K12 Headlines

1/14/2015

1/14/2015

Republicans will try again in the coming legislative session to bring charter schools to the state of Alabama on a limited basis. The legislation has not been finalized, though it is anticipated that the number of Alabama charters will be limited to as few as 10 schools, at least in its first year.

1/14/2015

The state’s school superintendents released a set of education goals on the eve of the start of the legislative session. Among the goals is increasing education funding from 48th in the nation to 25th by 2025.

1/14/2015

House Republicans pushed through a proposal for alternate wording for a state constitutional referendum on school funding, as supporters of the original language protested that the effort aimed to sabotage the November vote.

1/14/2015

Communications between teachers and students could be automatically forwarded to parents and school administrators if a new bill becomes law. The proposed bill stems from multiple instances of inappropriate conduct between teachers and students, over the years, including two arrests in Indiana in the past week.

1/14/2015

The new Texas Legislature needs to take a long look at the real purpose of standardized testing. If the purpose of testing is to assess a student's mastery of the state's curriculum, then a change is required. The state needs to replace it with a compact, rigorous curriculum that will allow students the opportunity for enrichment or remediation.

1/14/2015

After asking students a series of questions, Shmoop’s new College Planning Tool then compiles a personalized list of safety, target and reach schools. Resume Redux enables students to reformat their resumes.

1/14/2015

Albemarle County Public Schools and Blackboard are partnering further to bring the district's full education technology suite under one unified platform with five Blackboard solutions that center on teaching, learning and community engagement.

1/14/2015

West Virginia's Council on STEM has issued its final report, with recommendations on how to fill the estimated 25,000 high-tech jobs opening up in the state by 2018. About 4,000 of those jobs can be filled by high school graduates, meaning the state must improve its K12 education system to give students solid foundations for STEM careers.

1/14/2015

Pueblo City Schools high school students could soon be able to earn certification in career fields such as welding, computer applications, culinary arts and health care by the time they graduate under a new proposal by district leaders.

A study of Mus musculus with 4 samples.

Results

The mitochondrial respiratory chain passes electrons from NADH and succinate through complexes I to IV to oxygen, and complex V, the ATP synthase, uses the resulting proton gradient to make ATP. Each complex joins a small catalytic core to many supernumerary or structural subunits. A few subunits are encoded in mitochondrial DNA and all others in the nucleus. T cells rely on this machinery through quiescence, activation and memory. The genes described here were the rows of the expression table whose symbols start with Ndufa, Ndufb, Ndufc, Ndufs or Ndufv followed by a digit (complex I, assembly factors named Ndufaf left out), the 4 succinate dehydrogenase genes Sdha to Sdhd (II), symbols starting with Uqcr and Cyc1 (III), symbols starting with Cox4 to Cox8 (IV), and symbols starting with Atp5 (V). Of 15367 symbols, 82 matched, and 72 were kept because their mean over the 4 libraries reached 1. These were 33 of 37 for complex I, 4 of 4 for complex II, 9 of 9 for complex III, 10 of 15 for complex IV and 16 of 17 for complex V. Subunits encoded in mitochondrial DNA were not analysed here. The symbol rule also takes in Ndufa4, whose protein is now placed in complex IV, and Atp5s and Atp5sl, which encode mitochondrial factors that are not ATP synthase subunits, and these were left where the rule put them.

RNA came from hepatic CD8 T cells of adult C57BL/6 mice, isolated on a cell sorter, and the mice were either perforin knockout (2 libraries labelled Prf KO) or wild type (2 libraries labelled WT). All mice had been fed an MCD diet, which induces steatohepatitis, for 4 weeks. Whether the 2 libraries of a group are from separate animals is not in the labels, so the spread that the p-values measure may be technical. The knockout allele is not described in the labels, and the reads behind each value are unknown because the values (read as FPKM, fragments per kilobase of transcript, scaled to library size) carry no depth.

1/14/2015

California Gov. Jerry Brown sold a $6 billion tax increase to voters in 2012 by promising that nearly half of the money would go to bolster public schools. Critics argued that much of the new revenue would wind up in California’s severely underfunded teacher pension system. They were right.

1/14/2015

A $1.3-billion iPads-for-all program in Los Angeles schools was plagued by lack of resources and inadequate planning for how the devices would be used in classrooms and, later, how they would be evaluated, according to a federal review.

1/14/2015

Socorro CSD is working with the New Mexico Tech Distance Education program to offer more high school students in rural areas access to college-level courses such as pre-calculus and other mathematics disciplines.

1/14/2015

President Barack Obama has proposed the Student Data Privacy Act, which would prohibit technology firms from profiting from information collected in schools as teachers adopt tablets, online services and internet-connected software.

1/14/2015

Nearly 25,000 students from 47 schools across 14 communities will benefit from funding through the Digital Connections Partnership Schools Grant, a matching state grant program that increases access to digital learning by strengthening school districts' technology infrastructures.

1/13/2015

1/13/2015

School-construction and home-building groups launched an effort to qualify a $9 billion school bond for the November 2016 ballot, only days after Gov. Jerry Brown released a budget plan that minimized the state’s role in paying for building new classrooms and modernizing existing ones.